ALTHOUGH Eugene Ionesco’s The Lesson is nearly 60 years old, it still packs an almighty punch. It remains a pressure cooker of a play acted out over 70 minutes, leaving the audience rather overwhelmed by the end. Initially amused, then somewhat horrified and feeling a little soiled by the events that have unfolded before their very eyes.
Matthew Parker’s production, playing at The Hope Theatre in London’s Islington until October 13, is a fine one. Using the theatre’s rather claustrophobic feel to expert effect, it cranks up the pressure expertly.
What starts as a simple pupil and professor relationship between Sheetal Kapoor (excellent) and Roger Alborough (exceptional) soon moves into darker territory as the professor reveals his true self.
To begin with, it is the pupil who seems to have all the issues – brilliant at adding up and multiplication, hopeless at subtraction. Over-enthusiastic. The professor by comparison is tolerance personified.
But as the young pupil’s failings bubble to the fore – and we move from arithmetic to philology – the professor’s tone moves from smooth to demonic. He dominates like an ogre. He oppresses like a dictator. There is evil in the air as he casts a devil’s spell over his pupil. Not even his loyal but conflicted maid (Joan Potter) can shake him out of his murderous hypnotic state.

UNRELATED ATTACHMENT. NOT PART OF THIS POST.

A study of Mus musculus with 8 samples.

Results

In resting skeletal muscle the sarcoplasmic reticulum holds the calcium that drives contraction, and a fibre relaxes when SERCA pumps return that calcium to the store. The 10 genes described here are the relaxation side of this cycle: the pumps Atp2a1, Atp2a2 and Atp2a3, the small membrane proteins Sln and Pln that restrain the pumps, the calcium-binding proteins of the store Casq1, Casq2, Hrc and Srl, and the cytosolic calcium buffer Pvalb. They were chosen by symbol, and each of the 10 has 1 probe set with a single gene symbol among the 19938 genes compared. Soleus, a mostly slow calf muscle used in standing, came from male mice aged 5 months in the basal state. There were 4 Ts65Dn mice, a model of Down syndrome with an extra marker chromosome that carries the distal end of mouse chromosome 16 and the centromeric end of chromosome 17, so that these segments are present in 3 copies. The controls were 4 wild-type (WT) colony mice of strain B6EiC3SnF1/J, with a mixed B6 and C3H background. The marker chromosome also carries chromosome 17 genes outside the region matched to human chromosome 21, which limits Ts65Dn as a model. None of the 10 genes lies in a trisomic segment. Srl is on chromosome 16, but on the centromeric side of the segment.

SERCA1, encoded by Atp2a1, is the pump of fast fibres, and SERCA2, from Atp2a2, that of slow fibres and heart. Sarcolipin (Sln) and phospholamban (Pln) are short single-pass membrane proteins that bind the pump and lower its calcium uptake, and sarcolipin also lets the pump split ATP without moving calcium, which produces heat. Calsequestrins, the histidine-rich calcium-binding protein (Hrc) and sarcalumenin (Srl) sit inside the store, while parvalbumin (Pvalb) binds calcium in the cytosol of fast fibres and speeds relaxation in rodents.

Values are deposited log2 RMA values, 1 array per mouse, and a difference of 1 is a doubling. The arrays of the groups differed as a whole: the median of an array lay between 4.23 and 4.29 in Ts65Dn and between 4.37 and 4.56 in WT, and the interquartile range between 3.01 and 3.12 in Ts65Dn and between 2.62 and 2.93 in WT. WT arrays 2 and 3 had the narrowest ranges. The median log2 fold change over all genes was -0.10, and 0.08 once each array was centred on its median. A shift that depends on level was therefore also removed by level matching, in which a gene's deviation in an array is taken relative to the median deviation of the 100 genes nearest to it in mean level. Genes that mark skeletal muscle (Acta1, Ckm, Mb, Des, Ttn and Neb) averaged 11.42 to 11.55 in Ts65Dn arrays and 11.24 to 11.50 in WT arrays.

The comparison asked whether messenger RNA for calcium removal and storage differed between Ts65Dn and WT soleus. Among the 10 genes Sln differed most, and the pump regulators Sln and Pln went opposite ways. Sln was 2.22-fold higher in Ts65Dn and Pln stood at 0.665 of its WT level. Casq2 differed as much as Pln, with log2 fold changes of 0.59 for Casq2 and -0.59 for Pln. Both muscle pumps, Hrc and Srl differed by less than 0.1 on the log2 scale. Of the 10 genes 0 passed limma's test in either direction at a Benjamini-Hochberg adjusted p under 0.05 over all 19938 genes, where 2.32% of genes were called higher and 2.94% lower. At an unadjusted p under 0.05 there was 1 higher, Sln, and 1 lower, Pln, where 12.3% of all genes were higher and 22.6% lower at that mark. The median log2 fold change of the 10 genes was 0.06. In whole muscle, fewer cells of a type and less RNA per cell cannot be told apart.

The acting is superb. Kapoor says as much with her facial expressions (a closed eye here, a twisted mouth there) as she does with her words. She is borderline Tourette’s. Alborough effectively makes the jump from Mr Nice Guy to Mr Nasty (no mean feat) while Potter, in her drab clothes, conveys the conflictions that haunt her. Indeed, her noisy antics off stage say as much about the maid as anything she says or does on stage.
The set (designer, Rachael Ryan) is both simple and superb. White chairs, brilliant light and walls filled with words and algebraic equations.
For some, The Lesson will jar as a result of its monotonous ways. How many times are we told by the pupil that she has toothache (or does she?). Some would say far too many. The professor’s discursive predilections are also borderline tedious.
But Parker has done a fine job in shoehorning The Lesson into The Hope – and sprinkling it with moments of laughter. Seventy minutes that will leave you as exhausted as Alborough as he gets ready to embark on yet more evil deeds.